Hadyn Luke posted this on Friday 24th of August 2012 Hadyn Luke 24/08/2012

Tags: Training methods


Complex training techniques and benefits

Complex training is the use of a strength-based exercise, followed by the use of a plyometrics-based exercise. The technical name is Post-Activation Potentiation but it is also known more commonly as Heavy Suitcase/Light Suitcase. 

Anyone who has struggled to carry a heavy suitcase on holiday will have noticed that if they then have to handle a lighter suitcase, it seems a lot easier to pick up. This is because lifting a heavy load will recruit your nervous system so that it’s prepared to lift another heavy load. However, if the stimulus it then experiences is lower than what is expected, the involuntary muscle contraction produces a higher amount of force than what is needed resulting in producing a high power output than a voluntary contraction.

Before a personal trainer progresses a client into complex training, they would expect them to have some experience in basic and advanced plyometrics, so that they understand, for example, how to land and take off safely. They will also need experience of strength training.

How complex training is delivered

If training the lower body, the fitness instructor might ask the client to lift a heavy load, such as 100kg, in a back squat for a maximum of three reps, then rest for two or three minutes to allow the muscles to recover, before carrying out, for example, four hurdle jumps in a row. The benefits would be that the heavy back squat would recruit the nervous system, the rest would allow the client to replenish their energy stores and then when they go into the plyometric exercise of jumping over the hurdles the amount of involuntary force produced by the body will be higher than that needed to lift their bodyweight over the hurdles.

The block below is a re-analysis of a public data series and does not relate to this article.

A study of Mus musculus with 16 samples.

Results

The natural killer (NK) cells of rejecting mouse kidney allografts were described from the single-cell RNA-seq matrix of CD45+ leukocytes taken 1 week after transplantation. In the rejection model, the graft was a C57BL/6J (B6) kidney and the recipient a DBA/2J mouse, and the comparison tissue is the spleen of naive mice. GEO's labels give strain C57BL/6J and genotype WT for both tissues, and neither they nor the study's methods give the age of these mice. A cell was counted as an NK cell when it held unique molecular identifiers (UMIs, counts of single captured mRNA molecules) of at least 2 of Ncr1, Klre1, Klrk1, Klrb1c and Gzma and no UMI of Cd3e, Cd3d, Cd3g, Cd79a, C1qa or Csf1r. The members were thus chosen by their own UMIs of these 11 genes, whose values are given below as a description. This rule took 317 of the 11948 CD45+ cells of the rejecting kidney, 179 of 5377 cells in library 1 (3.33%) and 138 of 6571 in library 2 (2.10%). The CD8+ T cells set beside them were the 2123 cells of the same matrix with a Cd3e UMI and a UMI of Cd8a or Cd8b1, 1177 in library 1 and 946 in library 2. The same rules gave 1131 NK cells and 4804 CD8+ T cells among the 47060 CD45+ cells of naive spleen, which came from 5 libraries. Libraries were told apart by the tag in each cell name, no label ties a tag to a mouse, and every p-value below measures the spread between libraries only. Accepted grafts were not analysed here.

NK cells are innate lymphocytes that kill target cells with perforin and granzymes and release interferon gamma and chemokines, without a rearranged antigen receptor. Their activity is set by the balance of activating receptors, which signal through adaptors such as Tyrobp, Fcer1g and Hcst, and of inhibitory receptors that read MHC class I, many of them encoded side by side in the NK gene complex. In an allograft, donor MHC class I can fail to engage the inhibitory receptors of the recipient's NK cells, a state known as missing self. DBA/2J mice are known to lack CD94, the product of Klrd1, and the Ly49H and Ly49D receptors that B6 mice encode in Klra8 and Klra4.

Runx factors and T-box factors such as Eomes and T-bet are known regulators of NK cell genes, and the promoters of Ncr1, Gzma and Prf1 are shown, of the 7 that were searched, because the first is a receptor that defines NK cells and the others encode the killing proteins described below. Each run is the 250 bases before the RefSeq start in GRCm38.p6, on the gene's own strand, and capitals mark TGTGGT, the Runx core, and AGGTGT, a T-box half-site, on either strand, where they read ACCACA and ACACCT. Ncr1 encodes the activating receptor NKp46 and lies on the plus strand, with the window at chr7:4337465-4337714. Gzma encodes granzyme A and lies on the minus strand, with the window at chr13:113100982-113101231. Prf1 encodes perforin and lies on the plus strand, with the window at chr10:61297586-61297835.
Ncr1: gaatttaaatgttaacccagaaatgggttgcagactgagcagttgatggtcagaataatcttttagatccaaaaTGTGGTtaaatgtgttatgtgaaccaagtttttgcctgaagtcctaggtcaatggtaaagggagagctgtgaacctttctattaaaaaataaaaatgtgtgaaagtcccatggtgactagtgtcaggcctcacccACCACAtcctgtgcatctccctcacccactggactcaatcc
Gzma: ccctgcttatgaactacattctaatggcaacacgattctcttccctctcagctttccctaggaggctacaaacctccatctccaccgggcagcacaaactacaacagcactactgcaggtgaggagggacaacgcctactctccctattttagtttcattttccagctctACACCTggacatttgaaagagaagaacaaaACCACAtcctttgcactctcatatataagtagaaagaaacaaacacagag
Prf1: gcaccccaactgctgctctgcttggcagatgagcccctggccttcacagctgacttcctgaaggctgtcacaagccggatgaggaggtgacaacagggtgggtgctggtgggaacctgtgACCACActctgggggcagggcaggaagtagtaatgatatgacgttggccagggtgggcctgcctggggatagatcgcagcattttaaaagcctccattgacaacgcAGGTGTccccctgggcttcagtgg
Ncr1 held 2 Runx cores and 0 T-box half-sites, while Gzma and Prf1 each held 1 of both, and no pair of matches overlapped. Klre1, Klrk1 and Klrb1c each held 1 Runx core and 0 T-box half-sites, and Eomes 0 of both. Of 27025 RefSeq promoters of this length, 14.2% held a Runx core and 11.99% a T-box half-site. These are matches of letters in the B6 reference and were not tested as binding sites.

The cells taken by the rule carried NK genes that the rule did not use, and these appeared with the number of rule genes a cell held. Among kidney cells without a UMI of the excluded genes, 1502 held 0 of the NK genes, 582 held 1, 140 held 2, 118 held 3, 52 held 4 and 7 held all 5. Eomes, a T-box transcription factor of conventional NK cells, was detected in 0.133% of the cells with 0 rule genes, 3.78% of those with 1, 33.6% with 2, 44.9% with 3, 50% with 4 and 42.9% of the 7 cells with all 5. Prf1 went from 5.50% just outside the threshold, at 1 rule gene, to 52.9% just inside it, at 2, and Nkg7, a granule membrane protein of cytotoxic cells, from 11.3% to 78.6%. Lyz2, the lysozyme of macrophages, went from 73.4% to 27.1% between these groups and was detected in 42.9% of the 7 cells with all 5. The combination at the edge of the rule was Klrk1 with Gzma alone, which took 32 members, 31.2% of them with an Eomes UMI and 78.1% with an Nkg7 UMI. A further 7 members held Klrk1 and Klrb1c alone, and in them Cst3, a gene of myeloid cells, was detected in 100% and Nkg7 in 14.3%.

Another complex training exercise would start with a bench press. Again the client would lift a heavy weight for one to three reps, have a suitable recovery period of around two to three minutes and then follow that up with between four to 10 clap press ups.

Finally, to train the upper body, the client could carry out a three-rep max lateral pull down, working the latissimus dorsi, followed by two to three minutes recovery and then a medicine ball slam, which will again work the latissimus dorsi but with a lesser weight.

Guidelines on variables

The variables that a personal trainer will need to consider include how many reps a client should do for each part of the exercise and how long the rest should be. General guidelines are one to three reps for the strength part of the exercise and four to 10 for the power part of the exercise, although this can vary for different sports, as a sprinter will need to harness a different kind of power compared to a shot putter. Research suggests there should be two to three minutes rest in between the strength and power exercises; although this can be varied to suit each individual client’s ability to recover. If a client takes too long to recover, the stimulus from the strength training may wear off.

One other theory for complex training is that the strength exercise will fatigue the muscles that are being worked and so when the client begins the power exercise, the body will use the tendons to help produce the force. This means that rather than using the muscles to power the jump, the body will use the musculotendinous units of each joint.

Either way, this method of training has been proved to increase not only an individual’s strength but also their power output. Employed over a period of time, for example, around four to six weeks, a sports trainer should therefore see an improvement in their client’s strength and power.